CBIZ Small Business Employment Index Retreats During July

The CBIZ Small Business Employment Index (SBEI), a barometer for hiring trends among companies with 300 or fewer employees, decreased by 1.57 percent during July, following an increase of 1.38 percent in June.

ADP’s July jobs survey revealed that the private sector added 163,000 jobs last month, which beat analysts’ estimates. However, June’s revised tally of 172,000 added jobs was not matched or surpassed.

CBIZ Payroll Services manages payroll services for more than 3,000 businesses. The survey reflects a broad array of industries and geographies corresponding to the markets across the United States where CBIZ provides human capital services. The data represented by the SBEI is derived from a segment of employers not completely accounted for by the ADP and Federal BLS employment reports.

“As we have seen in the previous two years, the SBEI metric has moved negative in the month of July. This year’s data moved more negative than in the previous two years, possibly indicating that small business employers are not only feeling the economic slowdown that has been widely acknowledged, but may also be anticipating the slowdown continuing or increasing as we approach the fall and into the holiday shopping season,” offered Philip Noftsinger, business unit president for CBIZ Payroll Services.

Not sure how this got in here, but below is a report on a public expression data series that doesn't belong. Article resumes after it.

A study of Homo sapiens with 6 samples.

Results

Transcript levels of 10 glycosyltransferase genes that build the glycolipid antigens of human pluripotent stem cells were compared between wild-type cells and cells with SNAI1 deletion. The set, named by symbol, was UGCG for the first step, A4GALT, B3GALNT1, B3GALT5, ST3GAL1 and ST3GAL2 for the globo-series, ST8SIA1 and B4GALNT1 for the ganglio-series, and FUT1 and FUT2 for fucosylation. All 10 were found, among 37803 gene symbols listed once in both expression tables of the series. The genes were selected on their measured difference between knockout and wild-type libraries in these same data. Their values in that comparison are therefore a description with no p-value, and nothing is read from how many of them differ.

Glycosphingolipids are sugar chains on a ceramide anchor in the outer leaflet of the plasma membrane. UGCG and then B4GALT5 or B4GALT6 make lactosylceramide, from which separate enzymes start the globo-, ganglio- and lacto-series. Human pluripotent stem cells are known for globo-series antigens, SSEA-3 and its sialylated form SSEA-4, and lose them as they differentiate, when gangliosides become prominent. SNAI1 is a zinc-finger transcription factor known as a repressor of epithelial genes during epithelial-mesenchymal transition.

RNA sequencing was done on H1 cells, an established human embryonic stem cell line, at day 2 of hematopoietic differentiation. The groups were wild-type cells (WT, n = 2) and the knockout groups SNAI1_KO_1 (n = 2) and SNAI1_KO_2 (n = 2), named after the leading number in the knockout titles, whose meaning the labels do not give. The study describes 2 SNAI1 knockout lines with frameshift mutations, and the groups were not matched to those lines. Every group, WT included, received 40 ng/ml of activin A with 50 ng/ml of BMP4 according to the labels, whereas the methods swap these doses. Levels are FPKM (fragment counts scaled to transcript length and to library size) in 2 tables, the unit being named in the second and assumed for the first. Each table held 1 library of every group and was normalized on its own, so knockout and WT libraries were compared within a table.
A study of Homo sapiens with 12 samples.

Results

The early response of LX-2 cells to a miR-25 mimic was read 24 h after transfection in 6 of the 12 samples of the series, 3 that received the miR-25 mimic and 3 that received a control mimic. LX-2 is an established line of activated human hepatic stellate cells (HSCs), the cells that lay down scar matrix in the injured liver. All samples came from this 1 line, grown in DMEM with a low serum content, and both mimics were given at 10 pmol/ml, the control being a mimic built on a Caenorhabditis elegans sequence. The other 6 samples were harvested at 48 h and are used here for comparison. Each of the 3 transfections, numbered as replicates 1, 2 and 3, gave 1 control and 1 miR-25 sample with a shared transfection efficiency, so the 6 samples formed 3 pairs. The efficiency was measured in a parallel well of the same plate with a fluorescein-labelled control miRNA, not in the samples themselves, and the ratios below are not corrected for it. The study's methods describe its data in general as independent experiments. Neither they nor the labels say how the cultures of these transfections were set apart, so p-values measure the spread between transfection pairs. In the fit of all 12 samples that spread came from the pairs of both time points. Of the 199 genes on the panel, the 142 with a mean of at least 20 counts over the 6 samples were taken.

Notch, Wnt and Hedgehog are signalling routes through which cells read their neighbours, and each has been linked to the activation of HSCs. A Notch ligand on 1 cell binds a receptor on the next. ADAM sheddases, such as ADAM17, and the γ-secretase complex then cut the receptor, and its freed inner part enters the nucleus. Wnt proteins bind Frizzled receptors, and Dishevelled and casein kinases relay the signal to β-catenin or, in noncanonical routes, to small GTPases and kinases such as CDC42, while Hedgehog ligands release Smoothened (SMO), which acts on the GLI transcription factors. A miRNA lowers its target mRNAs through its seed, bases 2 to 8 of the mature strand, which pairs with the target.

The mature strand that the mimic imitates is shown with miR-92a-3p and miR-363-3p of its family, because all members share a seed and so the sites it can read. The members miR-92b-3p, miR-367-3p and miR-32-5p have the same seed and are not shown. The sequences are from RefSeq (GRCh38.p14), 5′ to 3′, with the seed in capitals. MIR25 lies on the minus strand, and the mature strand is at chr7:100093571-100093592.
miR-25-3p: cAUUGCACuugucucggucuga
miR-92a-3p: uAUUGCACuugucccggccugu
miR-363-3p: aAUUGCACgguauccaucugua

To view and/or use a graphic illustration that tracks and illustrates the employment index, visit our blog here.¹ Additional take-away points from the July data set include:
  • At-a-glance: Of the companies surveyed, the data shows that 29 percent reported a decrease in employee headcount while 22 percent increased staffing. 49 percent of the companies involved in the survey maintained their number of employees.
  • Small business sector: As the presidential election heats up, the nation's unemployment rate will certainly be one of the most discussed economic indicators. Should the jobless rate remain unchanged at 8.2 percent, the small business sector could suffer further losses ahead. Coupled with rising costs of doing business, the sector faces uncertainty.
  • What-to-watch: Concerns of global growth prospects weakening will indeed increase business pressures faced by companies in the U.S. Business owners should continually review fiscal controls, process evaluation and metrics management.

“Owners of businesses with less than 300 total employees are still focused on, and concerned with, anticipated sales, taxes and regulation. It is possible that if the entrepreneurs we work with were able to better predict the changes to the latter two items, via action by Congress, they may be willing to invest in additional labor. Predictability is extremely important for the small business owner, who after three years of slow economic activity, is operating with few resources,” said Noftsinger.